Judges at the Khmer Rouge tribunal on Friday issued their reasons for a controversial severance order, a full month after they made a brief oral announcement that the division of Case 002 would stand, untouched.
Ruling that “further expansion of the scope of Case 002/01 does not represent a prudent exercise of the Chamber’s trial management discretion”, Trial Chamber judges declared that the severance remains necessary “in the interests of justice”.
With the court dogged by the mounting health concerns of the defendants and dwindling foreign funding, the judges argue any decision that could prolong proceedings must be nullified.
Judges severed Case 002 into an unknown number of mini-trials shortly before the case against the regime’s top living leaders began in 2011, drawing criticism from lawyers and rights monitors alike for failing to ensure the first – and likely last – mini-trial was representative of the crimes committed by the Khmer Rouge.
In February, the court’s highest body ordered a reconsideration of the order, saying it lacked reasoning and erred in law. Over the course of three days, prosecutors and the defence sparred over the case’s scope, with the former asking for a more “representative” crime site – S-21 – to be added and the latter arguing that hearing anything short of the full case would be a potential violation of rights.
In the end, neither argument appeared to have held much weight with the Trial Chamber judges, who offered no change to their initial decision.
“In essence, the SCC, lead co-lawyers and co-prosecutors seek a trial that is both representative, but which concludes within the shortest possible time. In practical terms, however, the length of a trial is directly related to its scope,” they write, in their 74-page decision dismantling all alternate requests.
Arguing that “forced movement perhaps constitutes the only theme in the Indictment to have involved or directly affected the entire Cambodian population”, the judges shot down the prosecution’s request.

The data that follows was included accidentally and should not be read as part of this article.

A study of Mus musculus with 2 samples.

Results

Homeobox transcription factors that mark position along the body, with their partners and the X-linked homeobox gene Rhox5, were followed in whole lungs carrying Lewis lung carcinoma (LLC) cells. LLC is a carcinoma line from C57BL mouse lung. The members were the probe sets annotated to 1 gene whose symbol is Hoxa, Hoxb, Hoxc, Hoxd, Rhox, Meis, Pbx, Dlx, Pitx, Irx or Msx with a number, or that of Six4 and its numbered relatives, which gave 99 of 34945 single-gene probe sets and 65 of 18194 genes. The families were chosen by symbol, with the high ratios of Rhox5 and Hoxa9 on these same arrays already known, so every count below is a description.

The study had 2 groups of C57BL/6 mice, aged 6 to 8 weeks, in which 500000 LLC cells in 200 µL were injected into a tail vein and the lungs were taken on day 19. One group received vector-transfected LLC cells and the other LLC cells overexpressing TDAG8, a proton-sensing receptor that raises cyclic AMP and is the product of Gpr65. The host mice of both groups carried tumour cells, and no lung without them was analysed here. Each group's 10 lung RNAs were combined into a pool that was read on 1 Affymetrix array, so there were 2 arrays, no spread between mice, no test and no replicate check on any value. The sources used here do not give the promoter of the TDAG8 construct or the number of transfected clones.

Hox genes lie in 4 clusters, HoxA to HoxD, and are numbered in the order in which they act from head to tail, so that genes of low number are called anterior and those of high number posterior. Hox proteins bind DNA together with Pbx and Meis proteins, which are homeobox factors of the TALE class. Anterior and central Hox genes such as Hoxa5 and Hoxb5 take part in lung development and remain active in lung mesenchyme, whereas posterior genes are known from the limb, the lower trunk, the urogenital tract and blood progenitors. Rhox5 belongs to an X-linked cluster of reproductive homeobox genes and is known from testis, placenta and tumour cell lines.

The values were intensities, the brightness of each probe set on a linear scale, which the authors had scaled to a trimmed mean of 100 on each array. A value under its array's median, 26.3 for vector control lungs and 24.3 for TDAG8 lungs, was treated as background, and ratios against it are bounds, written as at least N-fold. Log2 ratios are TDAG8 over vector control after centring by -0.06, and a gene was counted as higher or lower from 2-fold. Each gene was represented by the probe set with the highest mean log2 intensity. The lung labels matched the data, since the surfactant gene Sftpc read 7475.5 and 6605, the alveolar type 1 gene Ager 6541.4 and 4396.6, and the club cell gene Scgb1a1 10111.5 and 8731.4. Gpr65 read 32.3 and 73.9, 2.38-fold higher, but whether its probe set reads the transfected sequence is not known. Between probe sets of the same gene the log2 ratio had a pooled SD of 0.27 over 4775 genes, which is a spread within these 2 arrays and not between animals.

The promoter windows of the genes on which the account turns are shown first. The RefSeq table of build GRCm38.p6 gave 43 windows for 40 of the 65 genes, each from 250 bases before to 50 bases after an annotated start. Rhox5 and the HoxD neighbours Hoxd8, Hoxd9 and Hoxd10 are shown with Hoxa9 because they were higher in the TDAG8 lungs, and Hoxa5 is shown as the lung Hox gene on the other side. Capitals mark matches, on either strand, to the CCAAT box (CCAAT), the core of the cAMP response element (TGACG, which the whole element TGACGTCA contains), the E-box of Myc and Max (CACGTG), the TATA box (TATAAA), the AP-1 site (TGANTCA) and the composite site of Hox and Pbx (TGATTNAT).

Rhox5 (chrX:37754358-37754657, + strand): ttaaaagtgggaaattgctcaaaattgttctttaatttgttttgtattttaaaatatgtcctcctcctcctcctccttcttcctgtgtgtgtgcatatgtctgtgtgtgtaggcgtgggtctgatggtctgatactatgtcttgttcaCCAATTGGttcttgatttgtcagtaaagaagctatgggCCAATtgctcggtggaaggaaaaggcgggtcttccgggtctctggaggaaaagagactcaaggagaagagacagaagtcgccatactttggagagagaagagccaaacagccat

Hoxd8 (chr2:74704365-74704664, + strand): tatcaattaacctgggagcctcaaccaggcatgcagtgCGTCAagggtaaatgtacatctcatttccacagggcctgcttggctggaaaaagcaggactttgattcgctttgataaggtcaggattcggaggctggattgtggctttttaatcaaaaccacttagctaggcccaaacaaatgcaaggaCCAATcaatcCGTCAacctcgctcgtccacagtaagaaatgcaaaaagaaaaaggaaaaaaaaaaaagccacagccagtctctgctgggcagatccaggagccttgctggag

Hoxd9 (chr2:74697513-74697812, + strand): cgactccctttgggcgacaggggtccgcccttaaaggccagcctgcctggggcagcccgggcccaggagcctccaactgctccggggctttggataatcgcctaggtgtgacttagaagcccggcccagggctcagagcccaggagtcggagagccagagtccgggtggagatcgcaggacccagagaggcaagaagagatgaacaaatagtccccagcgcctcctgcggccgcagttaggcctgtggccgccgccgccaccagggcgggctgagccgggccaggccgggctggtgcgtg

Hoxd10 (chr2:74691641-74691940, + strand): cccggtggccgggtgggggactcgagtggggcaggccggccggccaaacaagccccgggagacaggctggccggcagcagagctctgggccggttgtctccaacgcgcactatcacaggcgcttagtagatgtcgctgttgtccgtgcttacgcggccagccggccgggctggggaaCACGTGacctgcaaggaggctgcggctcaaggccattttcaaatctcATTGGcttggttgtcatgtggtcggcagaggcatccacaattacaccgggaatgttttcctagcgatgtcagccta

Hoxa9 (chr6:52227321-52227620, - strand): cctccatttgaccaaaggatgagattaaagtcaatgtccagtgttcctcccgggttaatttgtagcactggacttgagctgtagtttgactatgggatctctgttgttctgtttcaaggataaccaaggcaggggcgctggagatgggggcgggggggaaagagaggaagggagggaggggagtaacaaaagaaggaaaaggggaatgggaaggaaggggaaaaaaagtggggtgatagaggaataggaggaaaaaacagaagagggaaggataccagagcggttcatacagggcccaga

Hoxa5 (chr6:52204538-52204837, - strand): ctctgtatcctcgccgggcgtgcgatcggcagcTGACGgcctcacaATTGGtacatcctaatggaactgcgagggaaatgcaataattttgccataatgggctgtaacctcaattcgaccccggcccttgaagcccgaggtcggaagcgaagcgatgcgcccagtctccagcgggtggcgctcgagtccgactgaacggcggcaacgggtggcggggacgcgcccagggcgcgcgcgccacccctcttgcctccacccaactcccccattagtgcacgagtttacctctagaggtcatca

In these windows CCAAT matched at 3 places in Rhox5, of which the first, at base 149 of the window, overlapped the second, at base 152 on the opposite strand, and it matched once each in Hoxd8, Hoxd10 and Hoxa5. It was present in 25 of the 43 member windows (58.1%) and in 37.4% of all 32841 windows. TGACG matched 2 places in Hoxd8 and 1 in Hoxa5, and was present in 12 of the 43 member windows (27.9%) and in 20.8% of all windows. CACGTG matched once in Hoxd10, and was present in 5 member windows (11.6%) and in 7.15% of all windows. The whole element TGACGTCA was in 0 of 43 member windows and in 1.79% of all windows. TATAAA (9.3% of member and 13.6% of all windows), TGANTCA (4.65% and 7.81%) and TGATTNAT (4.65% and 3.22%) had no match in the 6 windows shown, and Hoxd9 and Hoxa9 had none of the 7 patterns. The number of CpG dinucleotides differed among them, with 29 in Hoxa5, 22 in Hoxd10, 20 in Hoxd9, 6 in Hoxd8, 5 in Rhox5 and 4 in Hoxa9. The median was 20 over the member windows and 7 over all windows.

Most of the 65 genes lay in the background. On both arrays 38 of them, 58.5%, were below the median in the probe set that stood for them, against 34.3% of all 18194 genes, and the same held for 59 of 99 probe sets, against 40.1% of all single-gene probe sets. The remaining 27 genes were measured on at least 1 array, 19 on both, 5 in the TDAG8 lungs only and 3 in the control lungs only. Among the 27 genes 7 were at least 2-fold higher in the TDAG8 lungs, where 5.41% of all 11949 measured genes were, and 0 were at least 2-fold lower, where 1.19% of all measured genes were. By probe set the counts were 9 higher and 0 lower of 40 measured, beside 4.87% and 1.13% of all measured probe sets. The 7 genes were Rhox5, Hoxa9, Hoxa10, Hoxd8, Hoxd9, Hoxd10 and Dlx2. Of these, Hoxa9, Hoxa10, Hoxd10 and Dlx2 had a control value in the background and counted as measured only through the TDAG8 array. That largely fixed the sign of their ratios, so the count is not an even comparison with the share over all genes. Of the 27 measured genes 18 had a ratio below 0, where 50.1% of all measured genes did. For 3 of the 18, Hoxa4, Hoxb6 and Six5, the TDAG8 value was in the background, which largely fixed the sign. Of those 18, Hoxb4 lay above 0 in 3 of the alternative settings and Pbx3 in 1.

“[T]he addition of S-21 to Case 002/01 may risk a substantial or indeterminate prolongation of trial proceedings,” they write, noting that the estimate handed down by the prosecution of how much longer it would take should the notorious security centre be added “is highly variable and uncertain”.
The Chamber appeared to have few other options at this point, said Open Society Justice Initiative trial monitor Heather Ryan.
“In a decision of how to manage a trial, a court has to give weight to pragmatics. I don’t think they’re giving undue weight to pragmatics in this case,” she said yesterday.
In March, defendant Ieng Sary died following weeks of hospitalisation and rapidly deteriorating health.
The same month, doctors testified that his co-defendant Nuon Chea faced a precarious health situation. A third defendant, former Social Affairs Minister Ieng Thirith, was last year released from custody after her dementia grew so acute the court ruled her mentally unfit to stand trial.
Only former head of state Khieu Samphan has remained relatively healthy over the years, though he too has been repeatedly hospitalised.
“If they were to extend the trial to include more crime scenes and [as a result] there were no verdicts against Nuon Chea, the criticism would be tremendous,” pointed out Ryan.
At the behest of the SCC, judges for the first time published a tentative list of future mini-trials.
Dividing the indictment in three, the decision calls for a Case 002/02 that would focus on the policies that allowed for security centres, execution sites and the alleged genocide of the Cham and Vietnamese. Case 002/03, meanwhile, would address – among other crimes – cooperatives and worksites, treatment of Buddhists and forced marriage.
Stressing that it was highly theoretical, judges promised to hold a trial management hearing before the end of the year.
International co-prosecutor Andrew Cayley said the team was considering “further steps” in the wake of the decision.
“As I have always said, I do not believe that there will be further trials after this trial segment, which is why we have consistently sought to expand the scope of the trial to include a small representative part of the two million Cambodians who were murdered, starved or worked to death between 1975 and 1979,” he wrote in an email.
“The Trial Chamber disagrees with this position but rest assured in the [Office of the Co-Prosecutors] we will do what needs to be done and what is right.”
Anticipating appeals, however, judges speak in no uncertain terms about their chances.
“In the interests of certainty . . . no further extensions to the scope of Case 002/01 trial shall be entertained,” they write.